CSWA got great advice on negotiating for a tenure-track position from Mordecai-Mark Mac Low. Mordecai is a tenured research curator in the Dept. of Astrophysics of the American Museum of Natural History in his home town of New York City, a position he got only after working in every time zone of the continental US, and Germany. He studies the formation of planets, stars, and galaxies, mostly using numerical simulations.
I just assisted my partner in her negotiations on beginning a tenure-track position in another technical field, so let me see if I can recap some of the thoughts I shared with her.
Don't take it personally when sudden delays appear in the offer and appointment process. Administrators get distracted, have piles of paper on their desks, and don't always sign off as quickly as they should. During my own appointment, the Provost in charge left on a research expedition for two months between initial offer and final agreement, during which absolutely nothing happened!
Start paying attention to the internal politics during your interview, and identify your allies. They may be able to feed you valuable inside information during the negotiation to make sure that you neither leave money on the table, nor make an unrealistically large request that is dead on arrival. Usually there is a factor of two or so range within which you can operate.
Draw up a start-up budget as soon as you get any initial indication that an offer might be coming. The components to consider include items similar to a grant budget:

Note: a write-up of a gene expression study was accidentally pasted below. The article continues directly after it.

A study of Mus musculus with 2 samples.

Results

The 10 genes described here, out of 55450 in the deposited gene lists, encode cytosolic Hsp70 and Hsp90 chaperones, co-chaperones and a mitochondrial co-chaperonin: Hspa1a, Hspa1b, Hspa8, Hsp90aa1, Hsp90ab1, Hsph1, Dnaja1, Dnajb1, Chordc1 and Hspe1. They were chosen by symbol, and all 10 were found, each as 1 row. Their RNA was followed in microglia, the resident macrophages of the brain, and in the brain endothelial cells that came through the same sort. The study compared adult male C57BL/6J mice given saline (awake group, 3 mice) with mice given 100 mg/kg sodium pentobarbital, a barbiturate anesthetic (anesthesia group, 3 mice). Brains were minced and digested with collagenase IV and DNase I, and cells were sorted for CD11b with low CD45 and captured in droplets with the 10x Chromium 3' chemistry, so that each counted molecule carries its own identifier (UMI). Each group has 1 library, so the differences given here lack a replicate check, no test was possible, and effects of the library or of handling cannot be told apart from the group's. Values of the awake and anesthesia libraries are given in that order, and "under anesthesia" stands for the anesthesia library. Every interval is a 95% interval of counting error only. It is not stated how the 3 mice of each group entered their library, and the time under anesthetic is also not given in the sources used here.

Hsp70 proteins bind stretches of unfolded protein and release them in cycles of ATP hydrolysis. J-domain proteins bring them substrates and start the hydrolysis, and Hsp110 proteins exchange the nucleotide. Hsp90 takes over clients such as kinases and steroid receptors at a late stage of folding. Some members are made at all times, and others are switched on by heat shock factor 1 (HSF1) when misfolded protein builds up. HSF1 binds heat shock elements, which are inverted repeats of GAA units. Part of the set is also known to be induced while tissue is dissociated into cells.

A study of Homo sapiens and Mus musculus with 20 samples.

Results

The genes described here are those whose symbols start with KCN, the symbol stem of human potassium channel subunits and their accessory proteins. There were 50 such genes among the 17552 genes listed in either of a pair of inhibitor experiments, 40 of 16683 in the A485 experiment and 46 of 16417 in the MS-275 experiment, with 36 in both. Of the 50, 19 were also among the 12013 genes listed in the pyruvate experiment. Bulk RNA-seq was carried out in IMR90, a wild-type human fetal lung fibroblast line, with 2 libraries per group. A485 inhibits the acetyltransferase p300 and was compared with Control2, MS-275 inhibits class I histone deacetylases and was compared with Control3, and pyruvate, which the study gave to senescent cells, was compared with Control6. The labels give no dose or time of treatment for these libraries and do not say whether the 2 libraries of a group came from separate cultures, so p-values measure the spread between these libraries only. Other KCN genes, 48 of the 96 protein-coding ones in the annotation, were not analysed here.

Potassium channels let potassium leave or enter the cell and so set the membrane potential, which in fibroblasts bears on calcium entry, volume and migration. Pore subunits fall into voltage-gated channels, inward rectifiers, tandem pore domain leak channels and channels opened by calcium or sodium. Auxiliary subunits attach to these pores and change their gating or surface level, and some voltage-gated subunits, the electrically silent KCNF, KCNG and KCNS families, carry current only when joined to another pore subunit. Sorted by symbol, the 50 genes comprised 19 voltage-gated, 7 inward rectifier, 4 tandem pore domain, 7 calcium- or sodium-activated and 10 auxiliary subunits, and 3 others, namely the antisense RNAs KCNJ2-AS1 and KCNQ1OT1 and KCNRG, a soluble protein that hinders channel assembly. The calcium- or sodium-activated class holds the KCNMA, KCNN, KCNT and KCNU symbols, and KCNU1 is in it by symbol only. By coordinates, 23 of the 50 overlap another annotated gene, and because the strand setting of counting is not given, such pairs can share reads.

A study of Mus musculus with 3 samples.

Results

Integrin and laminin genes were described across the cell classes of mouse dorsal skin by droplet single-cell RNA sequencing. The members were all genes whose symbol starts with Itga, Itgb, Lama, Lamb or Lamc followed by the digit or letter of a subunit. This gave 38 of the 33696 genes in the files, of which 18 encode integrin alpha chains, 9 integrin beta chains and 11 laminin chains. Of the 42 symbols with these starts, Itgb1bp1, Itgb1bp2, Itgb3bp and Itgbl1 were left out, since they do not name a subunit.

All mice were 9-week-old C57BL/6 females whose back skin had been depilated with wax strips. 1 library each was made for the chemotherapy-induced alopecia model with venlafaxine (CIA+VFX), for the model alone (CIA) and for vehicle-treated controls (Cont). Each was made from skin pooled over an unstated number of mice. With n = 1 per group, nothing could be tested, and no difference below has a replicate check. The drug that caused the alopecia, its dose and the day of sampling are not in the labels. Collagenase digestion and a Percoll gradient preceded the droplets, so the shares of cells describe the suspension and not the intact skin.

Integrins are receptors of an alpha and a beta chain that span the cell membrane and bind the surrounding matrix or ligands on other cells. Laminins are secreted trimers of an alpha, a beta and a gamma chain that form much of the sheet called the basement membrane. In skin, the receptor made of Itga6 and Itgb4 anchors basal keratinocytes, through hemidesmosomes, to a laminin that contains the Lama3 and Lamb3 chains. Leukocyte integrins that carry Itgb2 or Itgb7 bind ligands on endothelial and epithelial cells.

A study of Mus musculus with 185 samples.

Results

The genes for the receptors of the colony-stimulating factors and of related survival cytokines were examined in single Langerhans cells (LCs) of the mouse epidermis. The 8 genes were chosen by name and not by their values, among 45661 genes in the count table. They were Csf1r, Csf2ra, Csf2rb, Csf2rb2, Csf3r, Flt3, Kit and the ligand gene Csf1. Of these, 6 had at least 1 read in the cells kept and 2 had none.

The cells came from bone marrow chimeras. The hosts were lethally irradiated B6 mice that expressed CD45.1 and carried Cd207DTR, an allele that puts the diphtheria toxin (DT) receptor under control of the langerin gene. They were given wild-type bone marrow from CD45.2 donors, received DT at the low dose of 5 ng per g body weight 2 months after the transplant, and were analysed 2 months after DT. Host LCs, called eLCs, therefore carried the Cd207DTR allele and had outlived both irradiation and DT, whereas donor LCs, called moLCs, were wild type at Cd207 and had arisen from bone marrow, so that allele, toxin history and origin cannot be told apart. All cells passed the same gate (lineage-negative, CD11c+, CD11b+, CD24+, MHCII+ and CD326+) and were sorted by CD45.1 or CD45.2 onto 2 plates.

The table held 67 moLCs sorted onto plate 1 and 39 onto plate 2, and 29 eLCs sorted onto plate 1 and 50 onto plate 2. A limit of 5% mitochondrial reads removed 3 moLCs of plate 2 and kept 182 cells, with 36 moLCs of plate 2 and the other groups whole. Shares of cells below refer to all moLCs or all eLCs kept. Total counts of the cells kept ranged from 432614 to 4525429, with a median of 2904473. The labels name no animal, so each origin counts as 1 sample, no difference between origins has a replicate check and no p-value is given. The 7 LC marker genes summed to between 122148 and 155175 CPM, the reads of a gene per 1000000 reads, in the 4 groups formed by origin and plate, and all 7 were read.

- personnel. Graduate students (ideally sufficient funding to be able to offer a thesis position), postdocs (enough for a two year position ideally), technicians, data analysts, are all possibilities depending on your research program
- supplies and equipment to last until your first grant
- summer salary until your first grant (not everyone will give this, but you can ask)
- conference and research travel, both domestic and foreign - publication costs
Startup funds can come in many different ways. A cash budget is great of course, but maybe a graduate student RA can be allocated in lieu of some of the cash, or an internal postdoctoral fellowship. Maybe the department is able to cover publication or travel costs out of their budget. Reduced teaching load the first semester or year also can be a major contribution to a startup package.
One thing to watch out for with cash is whether it all has to be spent in the first year. This needs to be explicitly discussed (nothing worse than watching unspent money evaporate at the end of the year!)
Space is always something to discuss explicitly. Project forward to your needs when you've assembled a research team, and if you're doing any sort of lab work or instrumentation what your peak needs will be, and make those needs clear up front.
Inquire explicitly about whether reduced teaching loads can be purchased with grant funding.
Compensation is usually negotiable, particularly in the USA. One tactic is to look for statistics on comparable institutions, or try to get insight from peers who have started similar positions. Also consider the value of non-cash benefits, such as housing support (cheap mortgages, faculty housing, and such. These can be a subject of intense negotiation in big city schools), tuition for children, childcare, and other subsidies. What about parking?
Advanced standing on a tenure clock is often something to suggest if you are not coming directly out of a first postdoc position. Conversely, opportunities to stop the clock can also be valuable and should be checked for (e.g., for a new child).
Detailed justifications can help strengthen your negotiating position -- draw up a strategic plan for yourself to use in support of your specific requests.
For information on this and other topics, please see CSWA's advice page.